Conscious Choice cover

From the press release: In this ground-breaking new history of early America, historian Robert Zimmerman not only exposes the lie behind The New York Times 1619 Project that falsely claims slavery is central to the history of the United States, he also provides profound lessons about the nature of human societies, lessons important for Americans today as well as for all future settlers on Mars and elsewhere in space.

 
Conscious Choice: The origins of slavery in America and why it matters today and for our future in outer space, is a riveting page-turning story that documents how slavery slowly became pervasive in the southern British colonies of North America, colonies founded by a people and culture that not only did not allow slavery but in every way were hostile to the practice.  
Conscious Choice does more however. In telling the tragic history of the Virginia colony and the rise of slavery there, Zimmerman lays out the proper path for creating healthy societies in places like the Moon and Mars.

 

“Zimmerman’s ground-breaking history provides every future generation the basic framework for establishing new societies on other worlds. We would be wise to heed what he says.” —Robert Zubrin, founder of founder of the Mars Society.

 

Available everywhere for $3.99 (before discount) at Amazon, Barnes & Noble, and all ebook vendors, or direct from the ebook publisher, ebookit. And if you buy it from ebookit you don't support the big tech companies and I get a bigger cut much sooner.


New ebola drug appears somewhat effective

Drug trails in Guinea of a new ebola drug suggest that it might have some positive effect on mortality.

A researcher who had seen the data and asked not to be identified told Science that favipiravir did not help all of the patients treated with it at two trial sites in Guinea. In a subset of trial participants who had low levels of Ebola virus in the blood, however, the mortality was just 15%. In similar patients who entered the centers earlier and did not receive favipiravir, mortality was 30%.

The trials with this drug are being conducted without a control group, which makes it harder to pin down the cause of these results. The article also describes several other drugs being readied for testing, some of which are expected to be more effective.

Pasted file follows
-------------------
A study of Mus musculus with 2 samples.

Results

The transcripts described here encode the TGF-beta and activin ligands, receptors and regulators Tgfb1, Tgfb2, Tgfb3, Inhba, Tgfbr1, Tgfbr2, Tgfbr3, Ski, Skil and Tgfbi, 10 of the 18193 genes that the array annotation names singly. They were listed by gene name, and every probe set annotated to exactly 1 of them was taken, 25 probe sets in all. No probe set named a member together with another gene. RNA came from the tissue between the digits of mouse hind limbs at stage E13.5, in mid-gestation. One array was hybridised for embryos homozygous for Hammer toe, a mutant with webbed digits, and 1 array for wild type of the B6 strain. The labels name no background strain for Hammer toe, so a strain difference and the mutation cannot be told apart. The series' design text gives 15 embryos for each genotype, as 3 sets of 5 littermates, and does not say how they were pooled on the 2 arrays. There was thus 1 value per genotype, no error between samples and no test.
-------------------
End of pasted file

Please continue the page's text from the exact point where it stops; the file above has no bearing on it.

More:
The trials, however, are faced with two issues. First, the easing of the epidemic is making it more difficult to do the studies. And second,

So far, Guinea and Sierra Leone, where Ebola is still infecting dozens of people a week, have refused invitations to join the study. Their main stumbling block is trial design. ZMapp will be the first Ebola treatment that will be tested against a placebo control. “I think that’s the only way to tell whether these drugs are safe and effective,” Lane says. The governments of Guinea and Sierra Leone, as well as Doctors Without Borders, which runs Ebola centers in those countries, have for ethical reasons been reluctant to participate in treatment trials that use a placebo.

The moral dilemma of doing drug tests where some patients get a placebo has always been a problem for medical research. It is therefore not surprising to see it here as well.


  • Edward

    > The moral dilemma of doing drug tests where some patients get a placebo has always been a problem for medical research.

    The alternative being to not have *any* patients in Guinea and Sierra Leone receive the drug that they think may work? Does the pharmaceutical company have enough of he drug to go to *all* patients in those two countries, but the necessity of a control group requires that they not use it all? In that case, I can see that a dilemma could exist, but if there isn’t enough to go around, then what is the dilemma? Random selection assures that there are no “favored” patients (although if the drug isn’t safe, after all, then which patient was favored?), so properly done, the doctors can’t be worried that the rich or powerful will be favored, or whatever other ethical dilemma could exist along that line.

    Is not the moral dilemma the one where a drug is *not* tested but merely assumed to work? If we give a failed drug to most or all patients, then those patients may not receive other forms of treatment that otherwise could work, or the drug could be worse than the current treatments, and we wouldn’t determine that without control groups.

    The test for safety and effectiveness is a requirement to assure everyone that patients are not receiving “snake oil” medicines. There is no moral dilemma in assuring that medications, treatments, surgeries, etc. are safe and effective. If we were sure that new drugs worked without trials, then we wouldn’t have the trail process in place.

    It is thinking like this that leave us with scientific hoaxes and myths that people wholeheartedly believe to be true. For instance, despite the urban myth for almost half a century, the mathematics shows that bees *can* fly.

    I now have a lowered level of respect for Doctors Without Borders.